An employee leaving out of the blue creates major hassles for employers. There are all the usual hiring and training costs, of course, but there is also the knock to team morale as those left behind scramble to cover for the departed employee. And there’s the blow to your confidence as a manager too. How did you not see this coming?
An employee leaving is always disruptive, but it’s much better if you can see that someone is eyeing the door. That way you can try to take measures to get them to stay, or failing that, make plans to lessen the impact of their departure.
The key to doing that is to know well in advance who is thinking of quitting. A new survey of 34 million employees in 125 countries carried out by employee engagement platform Peakon insists it is possible. In fact, by looking for one telltale clue, managers can know nine months in advance who is considering quitting.
The data set researchers analyzed for the study may have been huge, but their conclusions were clear as day. When it comes to figuring out who will quit, there’s one indicator you need to watch for above all others — employee engagement.
The idea of employee engagement — how invested in her work a given person is — might sound vague, but according to the report, it can be measured by one simple question, known as the Employee Net Promoter Score: “How likely is it you would recommend [your company’s name] as a place to work?”
“What makes this question work is that it encourages people to reflect on all aspects of their workplace experience at once — from company culture to work environment to career prospects. Also, a recommendation is a form of identity capital. Similar to when someone recommends a brand or product to a friend, an employee’s willingness to recommend their company suggests they’re aligned with their work on a deeper, more personal level,” explains the report.
While it’s a solid idea to send out an anonymous survey to your workforce asking this question to keep an eye on engagement, it’s hard to put an individual worker on the spot with it. (Most nice people would lie and say, “Yeah sure, boss, of course I’d recommend this place.”) But there are signs you can look out for that are a good proxy for an individual’s engagement with their work.
According to research from two management professors written up on HBR.org(and highlighted previously in my column), there are actually 13 behaviors that signal an employee is thinking of quitting. As I commented at the time, they all basically come down to phoning it in, also known as decreasing engagement with the work:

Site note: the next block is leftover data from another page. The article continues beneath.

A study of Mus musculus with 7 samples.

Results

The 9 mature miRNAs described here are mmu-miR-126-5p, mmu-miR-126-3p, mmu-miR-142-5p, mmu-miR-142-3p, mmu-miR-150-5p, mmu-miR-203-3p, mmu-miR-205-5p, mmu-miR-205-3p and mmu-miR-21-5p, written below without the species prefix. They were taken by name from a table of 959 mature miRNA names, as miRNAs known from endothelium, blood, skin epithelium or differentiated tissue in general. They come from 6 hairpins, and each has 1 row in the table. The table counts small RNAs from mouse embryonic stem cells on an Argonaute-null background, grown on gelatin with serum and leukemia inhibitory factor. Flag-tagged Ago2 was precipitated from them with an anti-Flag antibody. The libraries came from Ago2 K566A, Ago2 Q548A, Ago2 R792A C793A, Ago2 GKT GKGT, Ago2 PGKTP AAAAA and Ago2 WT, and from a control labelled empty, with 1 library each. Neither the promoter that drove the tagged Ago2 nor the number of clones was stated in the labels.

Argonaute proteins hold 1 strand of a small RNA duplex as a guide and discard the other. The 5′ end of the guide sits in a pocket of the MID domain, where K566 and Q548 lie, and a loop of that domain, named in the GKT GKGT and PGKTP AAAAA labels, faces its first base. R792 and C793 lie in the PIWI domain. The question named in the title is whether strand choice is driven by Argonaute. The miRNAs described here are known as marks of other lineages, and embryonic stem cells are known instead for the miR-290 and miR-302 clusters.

- Their work productivity has decreased more than usual.
- They have acted less like a team player than usual.
- They have been doing the minimum amount of work more frequently than usual.
- They have been less interested in pleasing their manager than usual.
- They have been less willing to commit to long-term timelines than usual.
- They have exhibited a negative change in attitude.
- They have exhibited less effort and work motivation than usual.
- They have exhibited less focus on job related matters than usual.
- They have expressed dissatisfaction with their current job more frequently than usual.
- They have expressed dissatisfaction with their supervisor more frequently than usual.
- They have left early from work more frequently than usual.
- They have lost enthusiasm for the mission of the organization.
- They have shown less interest in working with customers than usual.
This list may all just be different flavors of lack of engagement, but by breaking down the phenomenon into so many parts, it gives managers very specific behaviors to look out for. Spot these changes in your employee and the Peakon report suggests, unless you intervene, they’ll be leaving your firm within the next nine months.
If you do notice these early signs of a resignation in the works, how do you turn things around? The lengthy Peakon report goes into detail about just what drives declines in engagement (uninteresting work, feeling unable to talk about compensation, a bad manager) and what doesn’t seem to matter as much (stressful but meaningful work, overall company culture).
If you’re looking for ways to hold on to a valued but increasingly disengaged employee, it’s well worth a read.
Check out my related post: How not to kill curiosity at work?